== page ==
Before you start any journey, research the conditions and requirements for your trip. Do your research, make a checklist of the things you absolutely need and start packing. Allow yourself plenty of time so you don't forget necessary items or hurriedly over pack with things you don't need. If you travel frequently create a packing list on your computer that you can update to include "must-haves" and blank space for trip-specific items.
Remember to let friends, family and trusted neighbors know where you are going, how long you'll be gone and how to reach you. If you'll be away for an extended period of time, have the post office hold your mail and put a hold on your newspaper subscription. Some periodicals offer you the opportunity to have your newspaper donated to a non-profit organization while you are away. Contact your credit card company if you are traveling abroad — charges made in other countries can often raise flags about credit card theft and your card could be declined.
Arrange to have pets boarded or cared for by a friend. Water houseplants well before leaving, or set up a time-released watering system. Set timers on the interior and exterior lights in your home. Hide valuables somewhere in the house rather than leaving them in your jewelry box or an underwear drawer; be sure to let someone else know your hiding place in case you forget. Set your thermostat at a reasonable temperature in order to save on summer cooling costs — keep it comfortable for pets and houseplants.
If you're taking a road trip, be sure to give your car a thorough pre-vacation inspection. Check the tires and all fluid levels. Inspect windshield wipers, hoses and belts for wear. Don't forget an emergency kit that includes jumper cables, basic hand tools, flares, a first aid kit and a flashlight.
When planning for your weekend, keep in mind that many hotels offer a variety of amenities that you won't need to bring from home. For example, many facilities feature hairdryers in each room; therefore you can leave yours at home and reduce the bulk in your suitcase. The same is true for items like robes and beach towels, so save space for something you know you will need.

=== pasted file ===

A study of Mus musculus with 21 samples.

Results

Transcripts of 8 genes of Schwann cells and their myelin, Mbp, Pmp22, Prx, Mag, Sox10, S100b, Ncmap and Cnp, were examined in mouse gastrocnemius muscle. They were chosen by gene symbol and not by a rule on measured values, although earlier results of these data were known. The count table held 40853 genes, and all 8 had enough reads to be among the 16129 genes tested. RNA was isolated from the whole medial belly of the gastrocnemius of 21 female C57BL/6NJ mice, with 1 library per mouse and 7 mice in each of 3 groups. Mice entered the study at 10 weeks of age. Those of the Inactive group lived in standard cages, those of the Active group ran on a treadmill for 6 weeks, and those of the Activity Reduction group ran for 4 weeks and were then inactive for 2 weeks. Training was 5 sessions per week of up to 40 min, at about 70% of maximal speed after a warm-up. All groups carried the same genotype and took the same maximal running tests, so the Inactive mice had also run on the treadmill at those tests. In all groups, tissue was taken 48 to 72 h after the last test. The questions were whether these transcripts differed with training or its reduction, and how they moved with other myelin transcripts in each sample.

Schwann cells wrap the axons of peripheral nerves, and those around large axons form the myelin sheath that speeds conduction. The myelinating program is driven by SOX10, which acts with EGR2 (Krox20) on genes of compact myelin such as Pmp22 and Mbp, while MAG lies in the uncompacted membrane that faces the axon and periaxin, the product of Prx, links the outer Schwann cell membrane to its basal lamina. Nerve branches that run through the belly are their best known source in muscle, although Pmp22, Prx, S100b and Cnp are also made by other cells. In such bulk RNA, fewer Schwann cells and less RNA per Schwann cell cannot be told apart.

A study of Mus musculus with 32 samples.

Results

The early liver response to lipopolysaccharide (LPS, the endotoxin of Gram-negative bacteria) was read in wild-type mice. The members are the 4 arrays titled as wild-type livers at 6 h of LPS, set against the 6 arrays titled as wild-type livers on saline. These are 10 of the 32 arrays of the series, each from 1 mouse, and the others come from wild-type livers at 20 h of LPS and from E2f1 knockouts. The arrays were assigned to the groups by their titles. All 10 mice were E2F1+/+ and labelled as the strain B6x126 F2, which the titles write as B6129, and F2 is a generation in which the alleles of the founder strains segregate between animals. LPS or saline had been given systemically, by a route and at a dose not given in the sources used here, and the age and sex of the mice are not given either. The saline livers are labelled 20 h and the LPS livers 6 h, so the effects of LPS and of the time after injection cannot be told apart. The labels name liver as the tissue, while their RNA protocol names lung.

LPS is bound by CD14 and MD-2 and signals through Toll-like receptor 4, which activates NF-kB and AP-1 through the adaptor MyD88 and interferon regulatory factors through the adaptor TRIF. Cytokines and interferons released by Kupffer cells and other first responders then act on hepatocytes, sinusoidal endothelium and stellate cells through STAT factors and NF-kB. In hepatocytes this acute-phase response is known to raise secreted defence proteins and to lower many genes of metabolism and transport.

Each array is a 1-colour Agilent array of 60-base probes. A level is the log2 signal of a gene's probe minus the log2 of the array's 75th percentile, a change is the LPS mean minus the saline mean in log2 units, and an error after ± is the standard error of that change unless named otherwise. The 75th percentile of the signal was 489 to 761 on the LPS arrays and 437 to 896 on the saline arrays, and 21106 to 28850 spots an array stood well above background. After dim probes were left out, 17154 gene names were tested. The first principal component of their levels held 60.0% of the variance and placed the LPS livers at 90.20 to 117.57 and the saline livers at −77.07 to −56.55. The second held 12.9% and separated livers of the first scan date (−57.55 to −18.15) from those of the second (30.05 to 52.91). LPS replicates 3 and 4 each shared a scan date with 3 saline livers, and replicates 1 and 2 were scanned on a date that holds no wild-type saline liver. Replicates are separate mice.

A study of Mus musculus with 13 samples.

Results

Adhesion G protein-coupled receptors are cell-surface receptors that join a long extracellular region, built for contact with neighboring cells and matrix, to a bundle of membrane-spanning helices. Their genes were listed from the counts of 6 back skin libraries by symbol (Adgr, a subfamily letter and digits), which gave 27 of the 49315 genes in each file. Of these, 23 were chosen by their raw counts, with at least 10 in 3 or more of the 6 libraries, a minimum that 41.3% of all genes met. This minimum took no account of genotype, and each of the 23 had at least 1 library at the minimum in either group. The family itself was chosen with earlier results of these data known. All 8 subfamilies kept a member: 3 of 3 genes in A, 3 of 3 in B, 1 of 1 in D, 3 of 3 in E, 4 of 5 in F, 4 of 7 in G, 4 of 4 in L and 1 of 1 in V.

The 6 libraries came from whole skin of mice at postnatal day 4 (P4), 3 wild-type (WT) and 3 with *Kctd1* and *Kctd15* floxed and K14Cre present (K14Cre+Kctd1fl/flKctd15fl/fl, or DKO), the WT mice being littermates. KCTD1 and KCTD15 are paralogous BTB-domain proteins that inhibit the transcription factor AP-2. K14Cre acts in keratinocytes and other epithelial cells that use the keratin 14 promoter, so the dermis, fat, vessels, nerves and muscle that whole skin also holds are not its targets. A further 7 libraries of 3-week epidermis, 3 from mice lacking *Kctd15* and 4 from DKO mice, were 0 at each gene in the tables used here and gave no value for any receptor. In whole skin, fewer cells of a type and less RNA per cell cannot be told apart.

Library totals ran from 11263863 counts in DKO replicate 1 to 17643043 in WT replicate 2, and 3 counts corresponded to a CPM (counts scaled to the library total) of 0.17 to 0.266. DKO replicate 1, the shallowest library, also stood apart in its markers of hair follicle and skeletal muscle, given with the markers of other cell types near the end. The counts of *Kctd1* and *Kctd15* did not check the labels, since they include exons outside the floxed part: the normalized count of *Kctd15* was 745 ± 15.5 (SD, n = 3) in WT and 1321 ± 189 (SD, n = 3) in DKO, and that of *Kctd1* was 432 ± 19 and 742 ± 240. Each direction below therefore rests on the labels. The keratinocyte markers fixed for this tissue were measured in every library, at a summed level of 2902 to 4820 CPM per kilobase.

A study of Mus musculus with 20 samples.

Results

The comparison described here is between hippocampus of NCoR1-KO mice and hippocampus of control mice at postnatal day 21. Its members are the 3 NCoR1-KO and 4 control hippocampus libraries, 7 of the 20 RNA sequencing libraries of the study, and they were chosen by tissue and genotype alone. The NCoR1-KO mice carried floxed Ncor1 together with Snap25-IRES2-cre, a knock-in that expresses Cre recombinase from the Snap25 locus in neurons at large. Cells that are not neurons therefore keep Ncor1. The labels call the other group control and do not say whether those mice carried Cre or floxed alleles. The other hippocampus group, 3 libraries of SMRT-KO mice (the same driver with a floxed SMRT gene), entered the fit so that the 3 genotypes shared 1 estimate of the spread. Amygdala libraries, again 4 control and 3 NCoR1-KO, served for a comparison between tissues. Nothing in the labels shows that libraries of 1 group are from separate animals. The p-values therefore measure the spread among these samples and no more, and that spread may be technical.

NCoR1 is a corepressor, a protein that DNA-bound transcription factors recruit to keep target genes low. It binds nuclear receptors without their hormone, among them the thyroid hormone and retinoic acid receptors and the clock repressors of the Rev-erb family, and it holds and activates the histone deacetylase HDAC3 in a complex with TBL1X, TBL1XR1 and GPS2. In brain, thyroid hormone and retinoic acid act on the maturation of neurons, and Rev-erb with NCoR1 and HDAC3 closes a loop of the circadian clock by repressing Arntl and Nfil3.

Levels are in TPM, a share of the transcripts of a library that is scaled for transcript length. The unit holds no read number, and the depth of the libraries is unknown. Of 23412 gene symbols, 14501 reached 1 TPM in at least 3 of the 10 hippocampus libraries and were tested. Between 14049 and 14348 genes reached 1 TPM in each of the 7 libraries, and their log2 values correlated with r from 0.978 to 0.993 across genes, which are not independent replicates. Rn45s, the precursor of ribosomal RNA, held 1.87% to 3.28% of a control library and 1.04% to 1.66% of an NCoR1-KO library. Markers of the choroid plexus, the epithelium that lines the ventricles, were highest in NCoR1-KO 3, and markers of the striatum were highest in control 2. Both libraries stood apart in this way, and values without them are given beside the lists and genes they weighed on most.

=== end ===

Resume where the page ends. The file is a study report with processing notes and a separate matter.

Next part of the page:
As you plan your outfits for the week, try to keep the bottom half of your wardrobe (pants, shorts, skirts) very basic. Take neutral bottoms along that can be mixed with different tops to create new outfits. Select shoes that can be worn with multiple outfits.
If you prefer to travel with your clothes on hangers in a garment bag, you can help prevent wrinkles by placing each garment in its own dry cleaner bag. Use a clothing compression system in your carry-on, as well as in your checked luggage, to make the most of the space. The slippery plastic bag keeps the clothes from shifting and rubbing together, which is the main reason clothes wrinkle during travel. To keep clothes in your garment bag from creasing along the middle fold, roll a sweater or light jacket up and place it in the fold.
If you're flying to your destination, it's usually a good idea to wear your bulkiest pair of shoes on the airplane. To help save space in your bag, you can stuff socks and undergarments in the shoes you're packing. Place them in shoe bags to protect the other items in your suitcase and pack them at the bottom of your bag to prevent damage to the other contents. If you are traveling with bulky sweaters, jackets or towels use a travel compression system to save space in your luggage.
Make copies of information that is pertinent to your trip from travel magazines and guidebooks — there's no need to bring the entire guide. Keep the papers together in a pouch so all the information is organized and accessible and fits flat inside your suitcase.
You should be prepared for the unexpected but you don't need to bring along the entire medicine cabinet to remedy the situation. Prepare a small first aid kit with only the basics and a travel-sized sewing kit. You'll be glad you have them when you need them.